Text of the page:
Need for disaster volunteers critical before funding runs out
Some Oklahomans are facing their third winter of living in their storm-damaged homes or in temporary housing because their homes still remain uninhabitable after weather disasters in 2015.
With 358 families in great need of recovery help as of Aug. 1, the Conference’s Disaster Response Ministry is appealing for volunteers to work before year’s end.
As of Aug. 1, OKUMC-DR reported, only two such groups were scheduled.
Major grant funding will end Dec. 31.
According to Chad Detwiler of the Disaster Response staff, dozens of the home repair projects already have been funded, but the extent of the work will require volunteers as well as professionals.
He said 27 teams have helped this year through OKUMC-DR. Oklahoma United Methodists comprised eight of those.
Statistics list 111 tornadoes and record rainfall of 53.71 inches in Oklahoma in spring 2015, with damages in 66 counties.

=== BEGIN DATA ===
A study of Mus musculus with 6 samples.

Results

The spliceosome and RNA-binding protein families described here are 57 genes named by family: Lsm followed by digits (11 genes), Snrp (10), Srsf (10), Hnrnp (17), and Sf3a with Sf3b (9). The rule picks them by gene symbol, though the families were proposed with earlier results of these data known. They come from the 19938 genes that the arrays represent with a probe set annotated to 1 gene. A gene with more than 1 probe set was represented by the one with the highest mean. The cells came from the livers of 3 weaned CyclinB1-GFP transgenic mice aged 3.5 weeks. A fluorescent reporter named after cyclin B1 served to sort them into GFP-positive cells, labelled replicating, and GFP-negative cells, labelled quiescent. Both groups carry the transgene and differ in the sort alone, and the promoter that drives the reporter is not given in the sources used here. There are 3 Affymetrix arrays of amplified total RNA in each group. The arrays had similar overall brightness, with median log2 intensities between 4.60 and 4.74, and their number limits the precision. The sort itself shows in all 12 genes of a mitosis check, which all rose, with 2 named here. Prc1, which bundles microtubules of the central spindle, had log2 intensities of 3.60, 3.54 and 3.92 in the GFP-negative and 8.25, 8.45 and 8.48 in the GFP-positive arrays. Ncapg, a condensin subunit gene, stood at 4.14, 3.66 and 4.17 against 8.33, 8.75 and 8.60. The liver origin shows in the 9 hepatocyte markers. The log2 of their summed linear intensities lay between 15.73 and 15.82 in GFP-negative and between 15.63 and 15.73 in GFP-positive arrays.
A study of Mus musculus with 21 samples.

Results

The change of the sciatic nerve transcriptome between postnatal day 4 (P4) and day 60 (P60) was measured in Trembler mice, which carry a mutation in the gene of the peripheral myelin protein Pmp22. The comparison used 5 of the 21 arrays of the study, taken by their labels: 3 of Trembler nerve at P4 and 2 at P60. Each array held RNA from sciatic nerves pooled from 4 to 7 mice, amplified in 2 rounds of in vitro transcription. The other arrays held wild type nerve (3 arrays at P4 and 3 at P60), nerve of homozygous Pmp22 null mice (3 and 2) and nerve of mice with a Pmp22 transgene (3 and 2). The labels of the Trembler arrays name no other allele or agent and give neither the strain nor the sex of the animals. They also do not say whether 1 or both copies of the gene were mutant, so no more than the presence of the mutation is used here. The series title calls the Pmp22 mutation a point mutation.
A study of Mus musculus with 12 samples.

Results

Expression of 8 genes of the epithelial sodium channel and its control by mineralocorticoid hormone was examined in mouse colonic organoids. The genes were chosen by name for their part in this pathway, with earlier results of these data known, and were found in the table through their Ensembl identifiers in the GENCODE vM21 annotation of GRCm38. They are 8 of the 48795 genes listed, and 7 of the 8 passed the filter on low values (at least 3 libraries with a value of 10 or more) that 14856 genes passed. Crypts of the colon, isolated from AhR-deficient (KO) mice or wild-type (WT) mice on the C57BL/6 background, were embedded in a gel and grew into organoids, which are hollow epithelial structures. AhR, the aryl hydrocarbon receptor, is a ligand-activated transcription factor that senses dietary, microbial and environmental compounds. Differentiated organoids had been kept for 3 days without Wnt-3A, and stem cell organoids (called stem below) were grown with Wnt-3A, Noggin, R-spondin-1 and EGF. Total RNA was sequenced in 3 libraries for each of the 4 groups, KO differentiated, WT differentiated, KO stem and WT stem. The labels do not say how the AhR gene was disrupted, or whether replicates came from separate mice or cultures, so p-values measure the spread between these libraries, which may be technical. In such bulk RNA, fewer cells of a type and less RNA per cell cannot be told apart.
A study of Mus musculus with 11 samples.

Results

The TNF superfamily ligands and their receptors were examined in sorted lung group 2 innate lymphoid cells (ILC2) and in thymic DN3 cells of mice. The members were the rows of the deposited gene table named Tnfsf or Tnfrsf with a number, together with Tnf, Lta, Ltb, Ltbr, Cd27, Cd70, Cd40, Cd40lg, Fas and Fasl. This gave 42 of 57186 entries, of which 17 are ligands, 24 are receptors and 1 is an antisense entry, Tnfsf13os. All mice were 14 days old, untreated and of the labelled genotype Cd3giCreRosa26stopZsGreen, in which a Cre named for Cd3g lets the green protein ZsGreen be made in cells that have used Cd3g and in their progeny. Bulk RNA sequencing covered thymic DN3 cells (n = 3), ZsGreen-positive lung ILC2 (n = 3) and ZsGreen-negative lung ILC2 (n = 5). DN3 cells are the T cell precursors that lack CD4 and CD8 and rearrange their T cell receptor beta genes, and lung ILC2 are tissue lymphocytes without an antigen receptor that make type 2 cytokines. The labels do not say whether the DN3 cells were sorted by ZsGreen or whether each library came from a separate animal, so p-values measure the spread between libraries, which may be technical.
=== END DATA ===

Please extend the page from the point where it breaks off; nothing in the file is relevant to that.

"The challenge comes for us in keeping people aware of the continued need long after a disaster," Detwiler stated.
The commitment to long-term recovery help is part of United Methodism’s DNA. "Staying Until Recovery Is Complete … That’s Church!" is the rally call.
"Jesus challenges us to live a life of service, to help those who are in need," Detwiler wrote in an e-newsletter. "We therefore continue."
Volunteers are most needed for four types of projects: roofing, drywall, flooring, and siding.
"Many of you have volunteered with us already, some multiple times, and for your service we are grateful. Ecclesiastes 4:9-10 says, ‘Two are better than one, share the work...’ We know we cannot accomplish all that is needed in recovery without you."
Bartlesville United Methodist volunteers find themselves sitting down on the job for a flooring project.